Guest Post: Non-Human Cosplay Tips

Guest post by Marie Sumner

Cosplaying has become a popular hobby. Dressing up as popular fiction and fantasy characters offers a unique way to show off creativity, as well as technical skills.

There are a couple of reasons that many cosplayers create their own costumes. Some like the connection they get by making their costume from scratch or compiling all the different elements. This is a way that they can assure that the costume fits them, as well as the character they are trying to emulate. Another reason to make your own costume is because big box stores might not have versions of the characters you want. Plus, you can avoid wearing the same costume as someone else.

Creating your own cosplay outfit is a great challenge and can be a lot of fun. If you choose a character who is not human, you can really go the extra mile by following some of the following tips.

Alien Makeup

Aliens are alluring because they are often humanoid in stature, but very different from us. Costumes can emulate this by hiding familiar human facial features and adding foreign elements.

  • Hair – For whatever reason, aliens are often depicted without hair. They may be scaly or completely smooth, but they definitely lack the hair that mammals have. Utilize a bald cap for the top of your head and cover eyebrows with eyebrow sealer (available at costume stores) or even a mixture of glue and concealer. If you’re not sure how to start, check out a makeup tutorial online.
  • Eyes – Aliens often have almond shaped eyes, but look at your character and see what shape they are. Is its eyes large in comparison to the rest of its face? Pointed? Again, there are a lot of makeup tips to changing how your eye shape is perceived.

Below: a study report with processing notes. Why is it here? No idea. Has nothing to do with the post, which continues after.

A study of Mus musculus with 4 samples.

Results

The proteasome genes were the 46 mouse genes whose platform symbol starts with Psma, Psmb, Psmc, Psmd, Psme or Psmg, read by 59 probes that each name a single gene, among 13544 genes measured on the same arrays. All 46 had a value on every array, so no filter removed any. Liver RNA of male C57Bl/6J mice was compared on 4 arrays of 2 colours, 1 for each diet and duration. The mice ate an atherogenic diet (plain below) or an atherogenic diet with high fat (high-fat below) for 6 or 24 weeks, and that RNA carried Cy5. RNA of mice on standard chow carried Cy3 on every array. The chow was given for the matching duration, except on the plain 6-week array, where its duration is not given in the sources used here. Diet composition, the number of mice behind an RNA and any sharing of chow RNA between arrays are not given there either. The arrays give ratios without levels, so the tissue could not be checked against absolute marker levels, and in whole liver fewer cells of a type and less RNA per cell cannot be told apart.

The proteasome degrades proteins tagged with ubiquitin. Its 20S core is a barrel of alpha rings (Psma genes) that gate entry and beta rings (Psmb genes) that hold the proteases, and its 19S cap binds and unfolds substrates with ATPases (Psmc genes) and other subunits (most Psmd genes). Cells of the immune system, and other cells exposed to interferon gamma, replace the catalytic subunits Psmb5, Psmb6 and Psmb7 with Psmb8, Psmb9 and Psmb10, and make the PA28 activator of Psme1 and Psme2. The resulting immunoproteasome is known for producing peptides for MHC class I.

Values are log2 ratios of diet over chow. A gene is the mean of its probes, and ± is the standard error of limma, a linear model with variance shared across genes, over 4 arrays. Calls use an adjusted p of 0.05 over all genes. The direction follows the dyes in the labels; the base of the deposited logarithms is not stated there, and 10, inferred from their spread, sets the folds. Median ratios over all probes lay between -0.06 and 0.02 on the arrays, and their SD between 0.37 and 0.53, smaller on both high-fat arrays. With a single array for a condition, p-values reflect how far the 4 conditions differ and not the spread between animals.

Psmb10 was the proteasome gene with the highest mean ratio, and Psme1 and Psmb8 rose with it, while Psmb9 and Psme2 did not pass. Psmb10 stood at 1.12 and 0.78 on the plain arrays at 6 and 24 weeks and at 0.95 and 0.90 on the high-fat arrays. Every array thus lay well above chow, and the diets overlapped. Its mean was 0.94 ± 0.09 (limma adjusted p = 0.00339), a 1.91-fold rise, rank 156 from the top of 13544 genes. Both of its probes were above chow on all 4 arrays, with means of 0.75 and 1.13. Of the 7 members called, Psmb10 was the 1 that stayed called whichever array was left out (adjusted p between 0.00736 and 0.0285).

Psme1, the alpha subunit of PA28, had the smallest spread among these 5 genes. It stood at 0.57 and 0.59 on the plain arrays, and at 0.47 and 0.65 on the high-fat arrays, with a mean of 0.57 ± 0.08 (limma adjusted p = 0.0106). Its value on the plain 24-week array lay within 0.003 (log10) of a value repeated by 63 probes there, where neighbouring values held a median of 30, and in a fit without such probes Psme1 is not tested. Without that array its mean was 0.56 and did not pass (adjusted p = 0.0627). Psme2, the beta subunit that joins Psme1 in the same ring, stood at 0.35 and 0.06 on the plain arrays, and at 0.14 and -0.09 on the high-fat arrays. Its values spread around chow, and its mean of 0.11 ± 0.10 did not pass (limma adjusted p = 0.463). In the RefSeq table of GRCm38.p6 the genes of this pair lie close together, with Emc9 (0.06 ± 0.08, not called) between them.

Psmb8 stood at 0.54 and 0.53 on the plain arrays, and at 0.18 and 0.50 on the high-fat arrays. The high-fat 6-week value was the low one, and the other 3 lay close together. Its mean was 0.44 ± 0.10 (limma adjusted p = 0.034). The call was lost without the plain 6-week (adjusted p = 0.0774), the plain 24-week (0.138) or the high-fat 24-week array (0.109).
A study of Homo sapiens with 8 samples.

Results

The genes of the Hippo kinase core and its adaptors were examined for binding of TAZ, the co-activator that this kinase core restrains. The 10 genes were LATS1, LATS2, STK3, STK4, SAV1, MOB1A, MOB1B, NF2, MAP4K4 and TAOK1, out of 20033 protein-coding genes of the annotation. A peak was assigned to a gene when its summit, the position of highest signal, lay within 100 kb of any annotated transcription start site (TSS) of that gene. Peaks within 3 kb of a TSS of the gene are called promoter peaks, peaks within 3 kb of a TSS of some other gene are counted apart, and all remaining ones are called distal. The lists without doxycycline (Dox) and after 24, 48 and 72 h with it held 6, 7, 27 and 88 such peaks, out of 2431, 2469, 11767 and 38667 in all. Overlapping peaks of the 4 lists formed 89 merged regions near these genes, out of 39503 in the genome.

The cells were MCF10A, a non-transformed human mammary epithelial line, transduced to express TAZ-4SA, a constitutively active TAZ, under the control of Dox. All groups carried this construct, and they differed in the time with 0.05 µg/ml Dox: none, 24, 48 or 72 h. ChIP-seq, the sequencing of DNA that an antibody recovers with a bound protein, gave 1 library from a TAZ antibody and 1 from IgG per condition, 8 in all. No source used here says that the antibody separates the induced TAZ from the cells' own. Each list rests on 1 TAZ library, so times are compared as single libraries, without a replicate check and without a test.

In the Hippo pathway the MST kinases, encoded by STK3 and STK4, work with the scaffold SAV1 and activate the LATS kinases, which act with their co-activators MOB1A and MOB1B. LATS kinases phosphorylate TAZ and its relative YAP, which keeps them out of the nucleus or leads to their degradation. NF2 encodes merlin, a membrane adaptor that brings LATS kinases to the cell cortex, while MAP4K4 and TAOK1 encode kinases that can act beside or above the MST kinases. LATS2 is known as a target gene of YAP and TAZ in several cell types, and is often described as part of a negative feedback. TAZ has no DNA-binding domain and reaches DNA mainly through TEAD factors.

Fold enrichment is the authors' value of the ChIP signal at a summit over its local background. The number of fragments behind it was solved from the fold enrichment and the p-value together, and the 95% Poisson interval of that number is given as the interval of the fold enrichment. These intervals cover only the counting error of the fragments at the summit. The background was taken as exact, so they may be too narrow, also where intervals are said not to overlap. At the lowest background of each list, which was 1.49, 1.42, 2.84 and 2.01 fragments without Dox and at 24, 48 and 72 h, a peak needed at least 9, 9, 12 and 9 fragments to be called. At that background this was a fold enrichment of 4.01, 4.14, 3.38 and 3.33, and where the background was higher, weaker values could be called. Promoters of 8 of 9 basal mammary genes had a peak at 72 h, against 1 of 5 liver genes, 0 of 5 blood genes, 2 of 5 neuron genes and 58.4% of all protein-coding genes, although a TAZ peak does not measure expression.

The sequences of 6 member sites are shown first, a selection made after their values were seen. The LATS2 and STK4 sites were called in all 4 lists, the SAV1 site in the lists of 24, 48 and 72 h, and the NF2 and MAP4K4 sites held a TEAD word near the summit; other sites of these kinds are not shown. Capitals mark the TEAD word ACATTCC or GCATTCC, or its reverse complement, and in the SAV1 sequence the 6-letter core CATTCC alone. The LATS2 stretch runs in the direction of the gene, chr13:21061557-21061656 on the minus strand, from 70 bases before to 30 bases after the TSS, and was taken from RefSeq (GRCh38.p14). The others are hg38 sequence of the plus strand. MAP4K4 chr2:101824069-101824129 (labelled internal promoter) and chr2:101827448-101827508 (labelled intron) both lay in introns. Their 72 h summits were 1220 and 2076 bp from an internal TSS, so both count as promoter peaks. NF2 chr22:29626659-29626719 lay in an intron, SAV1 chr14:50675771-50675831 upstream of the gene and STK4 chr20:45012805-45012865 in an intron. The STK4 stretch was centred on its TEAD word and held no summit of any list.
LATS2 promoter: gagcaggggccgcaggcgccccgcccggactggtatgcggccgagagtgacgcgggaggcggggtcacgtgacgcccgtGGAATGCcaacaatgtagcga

• Eye Color- If your character’s eyes are a color that doesn’t match your own and you don’t want to splurge on colored contact lenses, then utilize that color in your makeup around the eye so that you can still give off the overall idea of the character’s face.
    • Sparkle- People like shiny things. Aliens often give off an other-worldly shimmer. There are glitter lotions and face/body paints that prevent you from having to shower yourself in glitter in order to shine. This may minimize the amount of glitter you get on your clothes, but you will still probably find specks in your skin for a time after the event.

Animal Makeup

Most animals are the opposite of the alien costumes. Hair Everywhere! Use wigs, beards, and even fake mustaches to cover yourself with hair to simulate as fur. Spray the fur in varying colors. Even our hair often has varying shades. The less static your coloring is, the more realistic it will seem.

The furry movement is an interesting phenomenon that has caught on in a lot of places. You can now find ears, tails and paws that match just about any creature you would want to emulate.

The interesting thing about animal cosplay is that you don’t have to look like an animal. It’s not necessary to walk on all fours or refrain from speaking if you don’t want to. Even if you have shoes or other human clothing elements visible, you can still have a complete costume. This is because most animal cosplays are done with the idea that the character is a were-creature of sorts. They may be mostly a dog, cat, lizard or gorilla, but there is some humanity to be found.

The most important thing about a costume is that you’re happy with it. The whole point of cosplay is to have fun. So don’t stress yourself out; don’t go beyond your means. Utilize your time and resources (including friends) and put together a costume that you are proud of wearing.

Do you have a favorite character to cosplay? What is your best tip for beginning cosplayers? Share in the comments below.

Marie Sumner never grew out of playing dress-up. She writes to share her passion and offer advice to others regarding costumes for Halloween, anime conventions, renaissance fairs, and other fun dress-up events.